IVALO - It's winter, and your friends are jetting off to the Canaries or the Greek isles-how banal!
We may have entered the deep-freeze phase of the long Baltic winter, but the true secret to overcoming a frost-induced depression is to delve head-on into winter's many pleasures, not run away from them.
And no place says winter like the Finnish Lapland. It may sound crazy, but a particular class of holidaymaker is rediscovering what winter was meant to be in Ivalo, the unofficial capital of the Finnish far north.
Situated almost 300 kilometers north of the Arctic Circle, Ivalo combines the feel of a rugged and untamed frontier with a Finnish emphasis on efficiency and comfort.
The nearby resort town of Saariselka offers visitors a range of accommodation options, but the tourism facilities in and around Ivalo are designed to allow guests to maximize their enjoyment of the region's greatest resource-its uniquely stunning natural surroundings.
The cheery Killopaa Fell Center, situated only a few meters from the entrance to the Urho Kekkonen National Park, one of Finland's largest, is one such ideal location for those interested in winter activities.
Cross-country (Nordic) skiing reigns as king of winter sports here-and with good reason. For enthusiasts, the abundance of fine powder produced by the cold, dry climate (dry air makes -20 degrees Celsius remarkably bearable) is, quite simply, unsurpassable. And the long Arctic nights (the sun officially sets in early December and doesn't rise again until mid-January) are less inhibiting than one would think, as all major trails are well lit.
In addition to the cross-country skiing, other high-impact activities include downhill skiing and snowboarding on Saariselka's medium-difficulty slopes, skiskating, and snowshoeing through the region's untouched wilderness.
For those who prefer a slightly more sedentary yet equally active approach to discovering the Lappish winter, outdoor outfitters offer snowmobile and even reindeer safaris. On the longest such trip, adventurers zoom all the way up to the shores of the Arctic Ocean, only 230 kilometers to the north.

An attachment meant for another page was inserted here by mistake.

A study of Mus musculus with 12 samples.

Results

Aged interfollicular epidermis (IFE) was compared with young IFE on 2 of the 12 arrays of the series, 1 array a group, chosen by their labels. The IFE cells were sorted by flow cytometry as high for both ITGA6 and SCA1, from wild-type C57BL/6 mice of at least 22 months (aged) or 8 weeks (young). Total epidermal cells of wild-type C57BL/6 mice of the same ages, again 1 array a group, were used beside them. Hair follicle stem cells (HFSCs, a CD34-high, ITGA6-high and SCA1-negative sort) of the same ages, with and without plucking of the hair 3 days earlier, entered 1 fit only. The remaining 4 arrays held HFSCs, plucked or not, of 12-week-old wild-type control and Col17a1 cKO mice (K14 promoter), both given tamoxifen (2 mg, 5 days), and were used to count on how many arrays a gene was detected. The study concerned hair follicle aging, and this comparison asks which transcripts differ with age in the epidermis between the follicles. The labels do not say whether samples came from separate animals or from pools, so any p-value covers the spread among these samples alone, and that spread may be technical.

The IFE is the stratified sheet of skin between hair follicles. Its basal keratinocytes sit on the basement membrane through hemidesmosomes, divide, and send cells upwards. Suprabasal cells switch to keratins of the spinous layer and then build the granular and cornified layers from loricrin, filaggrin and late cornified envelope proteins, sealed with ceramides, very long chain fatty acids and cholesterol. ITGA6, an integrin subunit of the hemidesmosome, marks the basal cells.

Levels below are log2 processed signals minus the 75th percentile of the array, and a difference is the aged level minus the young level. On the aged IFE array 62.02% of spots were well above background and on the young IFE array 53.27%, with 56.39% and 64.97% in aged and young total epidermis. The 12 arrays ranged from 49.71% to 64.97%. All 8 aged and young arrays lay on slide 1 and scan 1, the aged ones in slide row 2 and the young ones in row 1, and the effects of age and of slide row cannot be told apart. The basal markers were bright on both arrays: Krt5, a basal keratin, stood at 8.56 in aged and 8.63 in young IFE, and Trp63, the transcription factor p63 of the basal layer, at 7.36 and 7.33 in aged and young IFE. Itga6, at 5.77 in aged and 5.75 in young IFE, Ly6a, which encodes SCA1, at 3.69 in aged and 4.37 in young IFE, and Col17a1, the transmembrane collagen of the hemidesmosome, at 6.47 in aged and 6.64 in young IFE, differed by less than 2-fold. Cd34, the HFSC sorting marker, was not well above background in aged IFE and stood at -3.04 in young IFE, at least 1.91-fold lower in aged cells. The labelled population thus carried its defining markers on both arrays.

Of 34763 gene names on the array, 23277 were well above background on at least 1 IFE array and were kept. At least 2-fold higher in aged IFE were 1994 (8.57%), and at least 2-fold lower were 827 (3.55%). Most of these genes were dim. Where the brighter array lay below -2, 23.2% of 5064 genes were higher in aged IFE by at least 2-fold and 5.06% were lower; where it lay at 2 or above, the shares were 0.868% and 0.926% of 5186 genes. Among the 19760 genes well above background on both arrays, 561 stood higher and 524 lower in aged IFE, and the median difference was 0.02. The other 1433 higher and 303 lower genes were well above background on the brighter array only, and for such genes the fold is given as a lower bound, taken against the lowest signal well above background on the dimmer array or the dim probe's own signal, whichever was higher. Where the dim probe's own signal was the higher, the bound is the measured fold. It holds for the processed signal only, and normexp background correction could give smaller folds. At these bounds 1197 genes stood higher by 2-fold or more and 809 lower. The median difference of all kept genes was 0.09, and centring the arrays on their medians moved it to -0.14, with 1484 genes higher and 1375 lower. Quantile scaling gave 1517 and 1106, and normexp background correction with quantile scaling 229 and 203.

One of the most distinct draws of a ski or safari trip in the Finnish Lapland is the opportunity to connect with one of the most hauntingly beautiful places in Europe.
Swooshing atop the area's perfect power, skiers are surrounded by the storybook Lappish landscape, carpeted in a sparse forest of scraggly pines and brush. While other larger game hibernate during the winter, moose, reindeer, and arctic ptarmigan routinely come face-to-face with people. However, the presence of the more bashful wolves is only evident from their eerie howling.
Ivalo may not exactly be a place to sunbathe, but the impossibly short days have their own brand of charm, as the timid sunlight casts subtle hues of gray, green, and white unthinkable farther south.
Moreover, short days mean long nights and more viewing possibilities for those wishing to gaze at the northern lights. The eerie plumes of green, pink, and yellow light are visible, on average, on one in seven winter nights, making it statistically one of the best permanently inhabited viewing points on the globe.
Another unexpected treat to be found in Lapland is its cuisine. The ubiquitous reindeer features in a number of tasty dishes (including reindeer pizza), while fresh lake trout and ptarmigan also appear on menus. And don't forget the lingonberries, found in everything from pancake syrup to your morning juice.
Getting to Ivalo from the Baltic capitals is easier than one might think, although slightly pricey - a one-stop connection from, for instance, Vilnius on Finnair costs around 400 euros.
Travelers on a budget, however, can take surface transportation to Helsinki and fly directly from Vantaa Airport for as little as 120 euros round trip. Staying overnight after a ferry ride in a less expensive location near the port, such as the spiffy Eurohostel, can give trekkers fresh back from Ivalo a bit of time to readjust to city life.
Travel formalities aside, a journey to the Ivalo region is nothing less than an exercise in healing the weary winter soul. The quietly spectacular scenery, active lifestyle, and friendly people are a testament to the joy of snow and darkness, something easily overlooked in Tallinn, Riga, or Vilnius.